Smashed Avocado – Grow Your Own

Smashed Avocado – Grow Your Own

Is there anything better than smashed avocado fresh off your own tree? Looking out my computer area window and all I see is an old palm that has seen better days with a china mushroom at the base of it. Time to do something about making it a better view. And what better way than with a fruit tree.

Seeing as I like avocado but don’t like paying $2.50 to $3.50 for them, what better way to use the front yard than plant an avo. The other reason for doing it was that about three months ago I had bought a couple of avos and decided to have a go at making the seeds sprout by suspending them in a jar of water.

Sprout Your Own Smashed Avocado

If you want to have a go at sprouting your own avocado seed in water, do the following

  • Wash the seed from an avocado
  • Stick three toothpicks in it with the pointy end up like in the picture above.
  • Place it on a window sill where it will get sunshine and wait a couple of months for the root to appear at the bottom.
  • Wait another couple of months for the top to appear.

Make sure you keep the bottom of the seed in water at all times. A lot of sites recommend that you change the water every five days. I changed it three times in four months and didn’t have a problem. If it starts going green give it a clean and more fresh water.

The water had been filtered through a Brita jug, that may have helped. The most important thing is to ensure that you top up the water so the seed is always submerged at least half way in water.

No Pampering Here

Seeing as the avo was starting to look like a tree, I decided to plant it. A lot of the sites recommend potting the plant and looking after it for a number of months before planting out. I decided that if it is going to become a good tree it needs a rough start. No pampering here.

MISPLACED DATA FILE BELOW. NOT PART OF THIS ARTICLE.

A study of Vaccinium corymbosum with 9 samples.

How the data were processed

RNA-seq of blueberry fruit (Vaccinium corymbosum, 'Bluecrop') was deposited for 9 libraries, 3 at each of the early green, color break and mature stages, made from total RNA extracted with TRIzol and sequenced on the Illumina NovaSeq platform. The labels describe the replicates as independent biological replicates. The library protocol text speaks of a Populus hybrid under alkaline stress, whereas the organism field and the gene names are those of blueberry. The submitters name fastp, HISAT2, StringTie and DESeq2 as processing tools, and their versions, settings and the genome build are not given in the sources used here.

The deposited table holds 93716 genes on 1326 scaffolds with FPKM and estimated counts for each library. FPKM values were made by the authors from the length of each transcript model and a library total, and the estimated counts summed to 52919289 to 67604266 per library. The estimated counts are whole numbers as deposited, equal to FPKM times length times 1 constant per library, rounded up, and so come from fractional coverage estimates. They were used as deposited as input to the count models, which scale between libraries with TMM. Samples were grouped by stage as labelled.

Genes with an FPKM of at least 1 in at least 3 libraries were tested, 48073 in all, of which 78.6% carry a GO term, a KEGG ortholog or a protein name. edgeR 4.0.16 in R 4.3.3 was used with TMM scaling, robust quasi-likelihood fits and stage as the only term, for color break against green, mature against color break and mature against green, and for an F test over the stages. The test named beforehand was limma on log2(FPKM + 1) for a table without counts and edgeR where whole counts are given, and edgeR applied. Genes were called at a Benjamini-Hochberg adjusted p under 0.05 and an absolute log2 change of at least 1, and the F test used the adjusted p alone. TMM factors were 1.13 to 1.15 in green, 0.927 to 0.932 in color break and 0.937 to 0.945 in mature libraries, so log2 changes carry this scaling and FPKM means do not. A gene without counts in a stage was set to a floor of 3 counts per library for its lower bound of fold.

I did make one concession. I decided that it would be best for the tree to be planted in the late afternoon and seeing as it was raining this arfternoon, no time like the present to get the job done.

I removed the turf, forked the ground to break it up a bit and placed some cardboardover the area. Worms love cardboard. If you place some on the ground and put some weight on it to keep it there and keep it moist worms will turn up in droves. I think they like the glue.

Ready For Planting

I placed the cardboard and emptied a wheelbarrow load of compost on top. Planted the seedling and watered it in to ensure that there was plenty of water around the root system. I will water it often in the first couple of months until it gets established.

I can imagine that it will get a fair bit of transplant shock going from a root system in water to being in soil. The compost is pretty moist though and has bulk worms in it, so I am hoping that is enough to help the avocado survive.

I will keep a keen eye on it and let you know how things progress

Smashed Avocado Update

This little seedling had a pretty hard start. After spending nearly four months suspended in water on a window sill it was transplanted to outside. No acclimitisation in between, straight from one extreme to the other. 

It was out of the fat and into the fire for this seedling because we had three or four days of quite windy weather and it was getting blown all over the  place. Hence the wind break.

I got out the old pole donger and knocked a couple of stakes into the ground and stapled some of the leftover insect screening from the wicking bed to the posts and solved the problem.

It seems to have worked although the leaves are a bit raggedy anne. There are new leaves and they seem to be growing larger.

The first week I was watering twice a day. I’m now back to once a day in the evening. Looks like there might be an avocado in the front yard

Smashed Avocado – Update 25January 2018

The first time I wrote about growing an avocado from a pip was 9 December 2017. I added to the post ten days later showing how it was going. This is just a couple more photos after roughly another month.

It has been pretty hot and dry here in Brisbane, it being the wet season and all. Still plenty of humidity. The watering for the avacado is now usually once a day, but sometimes it is left for a couple of days. It seems to be going well but I thought that the leaves would be a bit greener. Every now and then brown spots will appear on the leaves and sometimes the whole leaf will go brown and drop off. At other times part of the leaf will brown off then stop browning. Not sure if is me causing it by splashing or it is the weather. Time will tell.

But the good thing is that it is still pushing out more leaves and growing in height.